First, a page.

U.S. Rep. Joe Courtney and state Attorney General George Jepsen on Tuesday called upon Congress to extend a recently-expired tax break for underwater homeowners to help ensure the continued recovery of the housing market.

Courtney and Jepsen urged Congressional action on the expired tax provision during a Tuesday morning press conference in Hartford.

The tax policy was passed in 2007 and prevented forgiven mortgage debt from being counted as income for tax purposes. The expiration of the provision will hit troubled homeowners whose mortgages have been modified or whose homes have been sold or foreclosed upon at a rate lower than what they owe. Without the provision, those homeowners have to pay taxes on the difference, which the Internal Revenue Service considers to be income.

For example, Jepsen said an underwater homeowner whose mortgage principal is reduced by $100,000 would see their taxable income jump by the same amount. He said that homeowner would then be on the hook for around $20,000 in additional taxes because it would look as if their income increased from $50,000 a year to $150,000 a year.

“By definition, these are families who are struggling, people who can’t make their existing payments. The notion that you could come up with $20,000 to pay off those taxes is ludicrous,” he said. 

Courtney said Congress must act as soon as possible if it wants to see the recovery continue. He said the subprime real estate market was a key factor in the economic recession. Although the housing market has improved somewhat, he said there are still too many troubled homeowners to allow the policy to expire.

“There are still many closings, which today literally rely on having that tax exclusion continue and that if we are going to continue the process of trying to move some of these properties we need at least another year of extension,” he said.


Debra Chamberlain, president of the Connecticut Association of Realtors, said the legislation is overdue. She said realtors around the state see families still struggling with underwater home mortgages. She said some of those families have been hanging onto their properties for years.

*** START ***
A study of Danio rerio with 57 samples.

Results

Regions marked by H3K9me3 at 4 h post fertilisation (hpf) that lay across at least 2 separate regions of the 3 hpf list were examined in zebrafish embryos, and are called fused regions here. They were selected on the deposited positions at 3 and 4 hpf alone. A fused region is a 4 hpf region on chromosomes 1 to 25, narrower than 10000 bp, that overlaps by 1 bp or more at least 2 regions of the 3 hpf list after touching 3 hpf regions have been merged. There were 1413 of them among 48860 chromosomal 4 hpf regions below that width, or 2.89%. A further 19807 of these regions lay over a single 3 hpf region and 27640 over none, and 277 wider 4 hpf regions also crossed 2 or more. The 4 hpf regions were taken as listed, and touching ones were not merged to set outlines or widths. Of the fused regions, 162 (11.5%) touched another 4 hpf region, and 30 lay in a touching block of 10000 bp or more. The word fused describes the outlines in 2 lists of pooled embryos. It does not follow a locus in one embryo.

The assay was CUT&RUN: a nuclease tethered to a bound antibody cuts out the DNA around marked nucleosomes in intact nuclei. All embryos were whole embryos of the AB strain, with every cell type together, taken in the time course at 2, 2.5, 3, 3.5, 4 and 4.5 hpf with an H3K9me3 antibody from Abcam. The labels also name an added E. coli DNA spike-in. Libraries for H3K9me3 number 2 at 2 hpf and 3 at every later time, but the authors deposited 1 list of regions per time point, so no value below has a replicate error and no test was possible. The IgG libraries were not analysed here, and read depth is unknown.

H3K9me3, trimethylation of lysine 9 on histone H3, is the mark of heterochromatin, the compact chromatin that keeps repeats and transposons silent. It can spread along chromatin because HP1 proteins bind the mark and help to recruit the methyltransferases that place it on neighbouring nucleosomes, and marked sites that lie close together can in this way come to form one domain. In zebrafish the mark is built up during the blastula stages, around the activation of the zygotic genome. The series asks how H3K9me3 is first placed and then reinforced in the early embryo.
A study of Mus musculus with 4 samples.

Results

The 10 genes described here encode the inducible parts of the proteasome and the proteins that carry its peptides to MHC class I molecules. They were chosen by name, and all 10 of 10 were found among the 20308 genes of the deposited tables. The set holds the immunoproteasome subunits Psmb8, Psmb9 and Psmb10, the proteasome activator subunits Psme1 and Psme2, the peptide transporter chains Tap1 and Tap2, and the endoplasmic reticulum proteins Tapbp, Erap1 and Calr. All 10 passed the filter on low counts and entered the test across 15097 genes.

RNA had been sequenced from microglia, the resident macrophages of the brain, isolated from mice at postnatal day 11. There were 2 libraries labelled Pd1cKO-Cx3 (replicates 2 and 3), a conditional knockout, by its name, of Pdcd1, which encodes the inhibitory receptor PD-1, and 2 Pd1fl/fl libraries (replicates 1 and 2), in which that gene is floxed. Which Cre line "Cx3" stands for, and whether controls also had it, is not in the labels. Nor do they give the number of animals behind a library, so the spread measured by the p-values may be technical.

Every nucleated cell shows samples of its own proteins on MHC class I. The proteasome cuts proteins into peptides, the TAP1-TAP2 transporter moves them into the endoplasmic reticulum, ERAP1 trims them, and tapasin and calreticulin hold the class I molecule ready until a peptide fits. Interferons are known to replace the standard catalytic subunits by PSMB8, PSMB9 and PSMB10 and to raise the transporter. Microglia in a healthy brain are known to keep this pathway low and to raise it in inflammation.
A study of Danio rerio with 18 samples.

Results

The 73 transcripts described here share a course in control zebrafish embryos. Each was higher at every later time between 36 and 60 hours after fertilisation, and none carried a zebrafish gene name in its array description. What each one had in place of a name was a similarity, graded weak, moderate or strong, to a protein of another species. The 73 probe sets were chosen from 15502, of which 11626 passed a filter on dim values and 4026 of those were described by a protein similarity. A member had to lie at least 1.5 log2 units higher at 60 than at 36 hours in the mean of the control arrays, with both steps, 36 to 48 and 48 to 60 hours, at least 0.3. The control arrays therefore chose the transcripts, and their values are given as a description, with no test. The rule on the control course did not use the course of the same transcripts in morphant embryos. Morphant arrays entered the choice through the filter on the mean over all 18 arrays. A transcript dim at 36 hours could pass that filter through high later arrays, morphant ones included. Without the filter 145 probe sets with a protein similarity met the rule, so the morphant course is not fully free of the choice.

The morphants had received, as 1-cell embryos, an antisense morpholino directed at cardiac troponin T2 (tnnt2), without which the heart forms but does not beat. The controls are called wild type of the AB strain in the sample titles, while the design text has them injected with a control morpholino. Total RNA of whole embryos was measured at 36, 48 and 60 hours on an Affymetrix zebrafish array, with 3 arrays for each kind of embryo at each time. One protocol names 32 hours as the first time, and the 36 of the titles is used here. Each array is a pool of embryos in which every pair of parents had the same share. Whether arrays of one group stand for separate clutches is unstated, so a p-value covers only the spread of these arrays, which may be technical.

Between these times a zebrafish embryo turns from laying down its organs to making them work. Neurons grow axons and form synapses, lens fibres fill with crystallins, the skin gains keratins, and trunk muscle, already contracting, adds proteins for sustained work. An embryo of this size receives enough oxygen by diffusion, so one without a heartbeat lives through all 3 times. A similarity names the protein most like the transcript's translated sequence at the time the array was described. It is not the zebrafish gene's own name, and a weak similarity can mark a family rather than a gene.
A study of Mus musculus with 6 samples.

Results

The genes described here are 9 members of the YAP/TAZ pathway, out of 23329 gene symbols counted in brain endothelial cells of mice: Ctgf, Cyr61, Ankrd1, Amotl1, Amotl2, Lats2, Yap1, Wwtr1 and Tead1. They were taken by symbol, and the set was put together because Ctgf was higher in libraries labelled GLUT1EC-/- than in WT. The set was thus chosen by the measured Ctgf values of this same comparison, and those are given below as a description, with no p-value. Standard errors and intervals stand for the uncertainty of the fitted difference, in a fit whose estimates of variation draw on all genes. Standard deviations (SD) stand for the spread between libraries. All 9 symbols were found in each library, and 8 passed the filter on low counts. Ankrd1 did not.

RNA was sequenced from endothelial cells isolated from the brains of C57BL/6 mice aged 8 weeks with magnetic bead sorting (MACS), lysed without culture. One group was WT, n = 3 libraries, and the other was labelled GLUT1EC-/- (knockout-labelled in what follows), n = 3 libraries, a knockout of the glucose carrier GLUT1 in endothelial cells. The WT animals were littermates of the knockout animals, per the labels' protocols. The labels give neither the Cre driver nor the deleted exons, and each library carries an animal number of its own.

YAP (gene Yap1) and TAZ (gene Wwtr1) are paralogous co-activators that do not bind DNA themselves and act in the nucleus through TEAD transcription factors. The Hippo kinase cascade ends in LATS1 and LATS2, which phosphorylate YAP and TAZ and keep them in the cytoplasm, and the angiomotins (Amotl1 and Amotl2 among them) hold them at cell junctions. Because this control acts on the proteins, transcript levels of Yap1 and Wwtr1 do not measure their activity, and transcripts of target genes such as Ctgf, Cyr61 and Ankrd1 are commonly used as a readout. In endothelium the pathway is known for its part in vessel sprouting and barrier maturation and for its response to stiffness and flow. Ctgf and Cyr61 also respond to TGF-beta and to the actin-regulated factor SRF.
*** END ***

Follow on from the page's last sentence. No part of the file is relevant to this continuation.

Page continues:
“At the point that they finally make the tough choice to sell that house short or they’re unfortunately forced into a foreclosure, we’re there holding their hands and helping them wipe away the tears and figure out where they’re going to get the money to move out of the house,” she said. “The notion that they would then have to pay taxes on money for that shortfall is really unconscionable.”

During the press conference Courtney cited statistics compiled by the Connecticut Multiple Listing Service, which found 772 short sale closings pending in Connecticut as of Jan. 2. He said there are another 1,012 on the market. Those numbers don’t include Fairfield County, which does not participate in that listing service.

“We know, in fact, there are many, many more of these closings and properties that need to have the confidence and security that a principal write-down or short sale is not going to result in a tax burden for families that are struggling to begin with,” he said.

Congress has extended the provision twice since it was originally enacted. Courtney said he has co-sponsored a bill to extend it in the House and there is a companion bill likely to pass the Senate. At the moment, he said House leadership has not included the policy on their list of priorities for January.

The provision is among a number of tax policy extenders, which have not been acted on in the House as some representatives hope to pass more comprehensive tax reform, he said. Courtney said a broad tax compromise is unlikely in the current political climate and Congress should act to extend this policy now.

“It is just so important that we not allow some of these homeowners and some of these transactions to get hurt and damaged by clinging to a belief that there’s some goal of comprehensive tax reform in the future,” he said.